Interpreting Health: The Mark of Paan
Tuesday, March 30, 2010
Dr. David Rubinstein, the director of cardiology at Elmhurst Hospital in Queens, is an astute tour guide of the area. Just outside of the hospital, the doctor not only points out the Indian restaurants and glittery saris lining the streets of Jackson Heights, but also what he calls “the mark of Paan.”
“Oh there it is, you see? That red blotch there. That’s an example of of people who are chewing on Paan, and they’ll spit out,” Rubinstein points out.
Paan is popular palate cleanser and a gift of hospitality in the South Asian community. It is a mixture of betel leaf, which is chewed with the areca nut. It is a stimulant and gives chewers a little buzz. And when people spit Paan onto the sidewalk, it leaves a red mark. Once you know to look for it, you see the mark of Paan everywhere.
Pann puts people at higher risk for oral cancer and heart disease, which worries Rubenstein. “I was in a cardiology clinic and a young man, as he spoke to me, was covering his mouth, and that alerted me. I asked him to remove his hand and he had a very large oral ulcer. That’s the most dreaded complication you can see, it happens with chewing tobacco or with Paan,” Rubinstein says.
Rubinstein is trying to educate people about the dangers of chewing Paan. He started the South Asian Outreach Project (SOAP) about five years ago, when he noticed a disproportionate number of young men from India, Pakistan, and Bangladesh landing in the Elmhurst emergency room with serious heart problems--at a much younger age than is normal. He found that the South Asian population has a predisposition for coronary disease, a problem exacerbated when people migrate to the U.S. and take on American habits like eating foods high in saturated fats, larger portions, and living a more sedentary lifestyle.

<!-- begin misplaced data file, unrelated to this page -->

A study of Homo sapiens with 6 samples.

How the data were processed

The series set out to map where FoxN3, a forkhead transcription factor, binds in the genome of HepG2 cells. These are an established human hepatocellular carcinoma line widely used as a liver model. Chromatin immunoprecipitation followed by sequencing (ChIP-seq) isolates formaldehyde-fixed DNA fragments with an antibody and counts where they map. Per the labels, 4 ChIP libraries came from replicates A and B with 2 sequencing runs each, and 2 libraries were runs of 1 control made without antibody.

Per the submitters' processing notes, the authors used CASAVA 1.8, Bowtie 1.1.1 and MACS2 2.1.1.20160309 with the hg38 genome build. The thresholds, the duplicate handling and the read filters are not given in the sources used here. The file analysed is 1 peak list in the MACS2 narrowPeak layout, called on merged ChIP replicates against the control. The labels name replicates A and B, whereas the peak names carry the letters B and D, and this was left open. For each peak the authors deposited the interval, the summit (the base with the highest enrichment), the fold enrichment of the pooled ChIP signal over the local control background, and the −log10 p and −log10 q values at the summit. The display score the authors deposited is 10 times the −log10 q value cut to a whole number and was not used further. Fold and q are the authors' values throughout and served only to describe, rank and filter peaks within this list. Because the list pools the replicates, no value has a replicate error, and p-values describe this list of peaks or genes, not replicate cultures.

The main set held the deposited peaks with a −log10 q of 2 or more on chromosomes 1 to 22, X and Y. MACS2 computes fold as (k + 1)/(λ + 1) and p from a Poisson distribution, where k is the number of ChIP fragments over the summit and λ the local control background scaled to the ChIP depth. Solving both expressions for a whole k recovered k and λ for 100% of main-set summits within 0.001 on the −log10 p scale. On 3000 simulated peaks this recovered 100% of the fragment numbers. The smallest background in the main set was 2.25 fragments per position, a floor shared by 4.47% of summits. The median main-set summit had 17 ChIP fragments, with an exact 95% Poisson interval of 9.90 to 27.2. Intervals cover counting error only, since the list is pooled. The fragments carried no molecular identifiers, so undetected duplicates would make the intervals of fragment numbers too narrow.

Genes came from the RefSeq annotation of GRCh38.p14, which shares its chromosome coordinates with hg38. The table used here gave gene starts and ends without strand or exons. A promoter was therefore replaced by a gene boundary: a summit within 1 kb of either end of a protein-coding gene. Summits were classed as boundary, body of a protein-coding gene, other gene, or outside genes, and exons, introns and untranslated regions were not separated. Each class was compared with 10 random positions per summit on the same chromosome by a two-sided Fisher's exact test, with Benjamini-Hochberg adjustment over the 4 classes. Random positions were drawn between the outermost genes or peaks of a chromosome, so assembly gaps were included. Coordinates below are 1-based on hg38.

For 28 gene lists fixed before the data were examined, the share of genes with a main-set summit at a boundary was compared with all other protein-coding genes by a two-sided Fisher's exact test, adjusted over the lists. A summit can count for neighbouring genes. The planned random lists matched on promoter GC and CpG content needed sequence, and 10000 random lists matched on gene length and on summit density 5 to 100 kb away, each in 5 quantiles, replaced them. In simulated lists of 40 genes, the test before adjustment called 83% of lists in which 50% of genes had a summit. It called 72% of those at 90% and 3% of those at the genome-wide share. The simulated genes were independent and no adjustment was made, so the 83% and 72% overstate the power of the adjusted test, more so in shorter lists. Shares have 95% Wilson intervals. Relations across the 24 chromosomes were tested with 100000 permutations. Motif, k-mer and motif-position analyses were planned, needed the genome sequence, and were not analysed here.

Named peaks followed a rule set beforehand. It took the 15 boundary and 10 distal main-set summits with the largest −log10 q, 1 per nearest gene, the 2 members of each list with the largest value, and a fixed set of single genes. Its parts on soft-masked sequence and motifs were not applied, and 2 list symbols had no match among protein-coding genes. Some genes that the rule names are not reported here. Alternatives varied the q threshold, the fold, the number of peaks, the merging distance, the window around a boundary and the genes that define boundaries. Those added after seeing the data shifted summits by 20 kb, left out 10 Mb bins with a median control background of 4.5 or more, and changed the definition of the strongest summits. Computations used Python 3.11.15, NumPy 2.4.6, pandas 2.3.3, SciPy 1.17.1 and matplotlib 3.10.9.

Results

Rubinstein organizes outreach sessions on heart disease prevention at mosques, temples, and community centers near the hospital. But he says it would be crazy to ask people to completely change the way they've been eating for thousands of years--he would just be ignored. Instead, he focuses on small things--like smaller portion sizes, exercising, and not cooking with so much ghee, a clarified butter high in saturated fat. But Rubinstein says that even if the South Asians living around Elmhurst are aware of their high risk for heart problems, it's a challenge to get them to the hospital.
Huge swathes of the South Asian population around Elmhurst are uninsured, a status which tends to keep them away from the hospital until medical problems are dire. Rubinstein says ultimately that’s more costly for their health and for the hospital finances.
Rubinstein has also found that many South Asian immigrants come up against cultural barriers when they encounter the health-care system. To build a successful relationship with the community, he conducts his outreach activities with South Asian health professionals working at Elmhurst. When speaking about heart disease prevention, they cater their message to language, religious, and dietary needs.